Who's Who in British Climbing by Colin Wells

Review by Alan Heason
Monday 5th January 2009



“Dad,” said Son Number One, tossing a substantial paperback towards me, “I think you’ll enjoy this; keep it by the loo.”

I flicked through it. Familiar names appeared: I was holding an anthology of nearly 700 mini-biographies of (British) climbers.

'Hey, this looks good' I thought as I cherry-picked. Yep, know him. And him. And her. Climbed with those three. He was in our club. Oh, he’s dead, then.

I put it with a pile of other books and went into hospital to get a couple of new knees. And read. And read. After a while I stopped being picky and read page by page. Although I was making good progress I was a bit taken aback when Son One said he wanted me to review it.

But how could I check whether all its assertations were factual? Colin Wells’s style of writing is eclectic and usually amusing. Either he has an enviably encyclopaedic knowledge or he, too, has perforce had to take quite a lot of information on trust and hearsay. So take the book as it is intended; as entertainment. This is not and does not claim to be a cross-referenced and unimpeachable work of fact.

But how else would we learn that, well before the scourge of climbers’ chalk was introduced to facilitate route-finding ‘sticky grapefruit juice rubbed into … hands aided adhesion on rocks.’ Now that’s more like it.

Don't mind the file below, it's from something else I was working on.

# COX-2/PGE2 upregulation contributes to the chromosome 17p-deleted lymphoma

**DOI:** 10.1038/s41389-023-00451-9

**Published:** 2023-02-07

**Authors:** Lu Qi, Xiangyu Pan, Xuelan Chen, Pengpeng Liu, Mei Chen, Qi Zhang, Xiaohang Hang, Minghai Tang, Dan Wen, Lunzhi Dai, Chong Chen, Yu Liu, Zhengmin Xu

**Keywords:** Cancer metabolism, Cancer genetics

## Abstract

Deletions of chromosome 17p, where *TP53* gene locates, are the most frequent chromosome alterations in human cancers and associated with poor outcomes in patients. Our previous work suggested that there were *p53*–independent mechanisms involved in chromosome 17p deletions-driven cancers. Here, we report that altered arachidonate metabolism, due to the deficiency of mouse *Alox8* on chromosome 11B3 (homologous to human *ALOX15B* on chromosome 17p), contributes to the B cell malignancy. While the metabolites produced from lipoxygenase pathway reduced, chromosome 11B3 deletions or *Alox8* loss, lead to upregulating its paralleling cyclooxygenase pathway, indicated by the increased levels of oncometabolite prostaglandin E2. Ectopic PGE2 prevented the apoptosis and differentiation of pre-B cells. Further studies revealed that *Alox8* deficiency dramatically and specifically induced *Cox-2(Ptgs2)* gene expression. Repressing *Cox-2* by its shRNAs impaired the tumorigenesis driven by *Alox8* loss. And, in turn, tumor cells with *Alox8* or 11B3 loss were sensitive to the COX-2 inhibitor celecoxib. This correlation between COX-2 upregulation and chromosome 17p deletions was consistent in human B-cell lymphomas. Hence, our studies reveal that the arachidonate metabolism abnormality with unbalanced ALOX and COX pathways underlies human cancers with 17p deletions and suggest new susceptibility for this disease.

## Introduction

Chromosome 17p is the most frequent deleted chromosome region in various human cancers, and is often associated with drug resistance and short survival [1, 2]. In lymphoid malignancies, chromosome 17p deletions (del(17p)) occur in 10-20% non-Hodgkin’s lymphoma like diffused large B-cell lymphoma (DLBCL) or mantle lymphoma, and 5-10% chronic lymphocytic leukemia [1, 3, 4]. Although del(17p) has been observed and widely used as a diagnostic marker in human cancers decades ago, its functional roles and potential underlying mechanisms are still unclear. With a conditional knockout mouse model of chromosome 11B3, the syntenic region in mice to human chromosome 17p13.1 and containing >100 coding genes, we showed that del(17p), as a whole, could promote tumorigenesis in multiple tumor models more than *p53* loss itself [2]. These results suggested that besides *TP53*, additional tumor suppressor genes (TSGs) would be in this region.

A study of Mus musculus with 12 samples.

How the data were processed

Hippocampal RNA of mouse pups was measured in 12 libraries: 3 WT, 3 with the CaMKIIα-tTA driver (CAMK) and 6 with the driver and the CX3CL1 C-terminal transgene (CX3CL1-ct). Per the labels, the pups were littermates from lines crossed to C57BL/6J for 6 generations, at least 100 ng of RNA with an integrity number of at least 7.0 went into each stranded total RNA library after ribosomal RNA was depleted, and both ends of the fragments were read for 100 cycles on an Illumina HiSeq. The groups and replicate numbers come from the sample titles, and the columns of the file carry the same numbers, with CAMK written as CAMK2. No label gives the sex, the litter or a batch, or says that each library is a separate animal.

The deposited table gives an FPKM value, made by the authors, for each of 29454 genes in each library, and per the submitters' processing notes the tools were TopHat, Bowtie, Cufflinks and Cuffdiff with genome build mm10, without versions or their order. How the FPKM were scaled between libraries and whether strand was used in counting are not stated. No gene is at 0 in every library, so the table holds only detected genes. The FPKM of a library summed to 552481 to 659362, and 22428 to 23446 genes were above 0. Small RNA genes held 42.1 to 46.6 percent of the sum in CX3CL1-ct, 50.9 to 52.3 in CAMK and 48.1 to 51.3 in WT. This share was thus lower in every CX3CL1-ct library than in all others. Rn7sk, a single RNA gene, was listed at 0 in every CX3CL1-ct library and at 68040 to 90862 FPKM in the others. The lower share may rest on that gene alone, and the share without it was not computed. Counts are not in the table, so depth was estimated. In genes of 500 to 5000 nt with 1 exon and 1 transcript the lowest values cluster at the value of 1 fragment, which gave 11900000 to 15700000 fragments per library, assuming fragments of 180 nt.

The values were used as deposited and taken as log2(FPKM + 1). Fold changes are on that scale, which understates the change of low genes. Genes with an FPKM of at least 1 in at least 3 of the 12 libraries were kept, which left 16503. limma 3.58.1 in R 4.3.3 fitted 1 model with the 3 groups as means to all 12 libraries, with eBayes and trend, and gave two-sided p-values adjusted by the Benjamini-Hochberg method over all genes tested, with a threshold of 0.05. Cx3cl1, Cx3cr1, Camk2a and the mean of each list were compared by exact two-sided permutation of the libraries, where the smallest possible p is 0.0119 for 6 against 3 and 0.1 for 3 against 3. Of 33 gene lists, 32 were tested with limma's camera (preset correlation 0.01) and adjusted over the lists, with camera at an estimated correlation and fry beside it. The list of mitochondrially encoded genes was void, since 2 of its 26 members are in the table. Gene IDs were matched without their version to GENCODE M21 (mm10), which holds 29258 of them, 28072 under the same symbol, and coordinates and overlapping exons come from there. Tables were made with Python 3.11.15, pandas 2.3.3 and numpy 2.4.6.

Occasionally, reductively opinionated comments surface. It really wasn’t necessary to have denigrated Chris Woodhead so scathingly. Wells's diatribe on Mr. Woodhead is the moral equivalent of throwing a stone through someone’s window and running away, and the author appears petulant for its inclusion.

But despite these myopic downfalls, this is an amusing and enaging book, and one which should be beside everyone’s water closet (although not, perhaps, one's coffee table). It is probably of more value to the older generation of British climbers, being for them more a list of contemporaries instead of misty figures of yore.

And now a self-indulgent paragraph, recording for completeness The Who's Who of British Climbing. (Actually, I can think of no other method of drawing the following to public attention)


First ascent of Mam Tor's crazy main face. Not the gully. The Face.
And not frozen.
Very not.

Hot spring sun was melting the ice grip as we watched: no time to lose.

We roped together - hemp of course - and moved Alpine Style, ice-axes and crampons. Thick swirling steamy mist enveloped us. Memory is sketchy, but I have clear recollection of a block the size of a Steinway Grand falling silently into the steam as David Hughes stepped from it.

John, David - where are you now, lads?

It was utterly bonkers, but we did it, finishing a bit below and to the right of the summit. We drank a flask of black tea and chewed banana and sugar sandwiches.

Was it a First Ascent? Come on, humour me.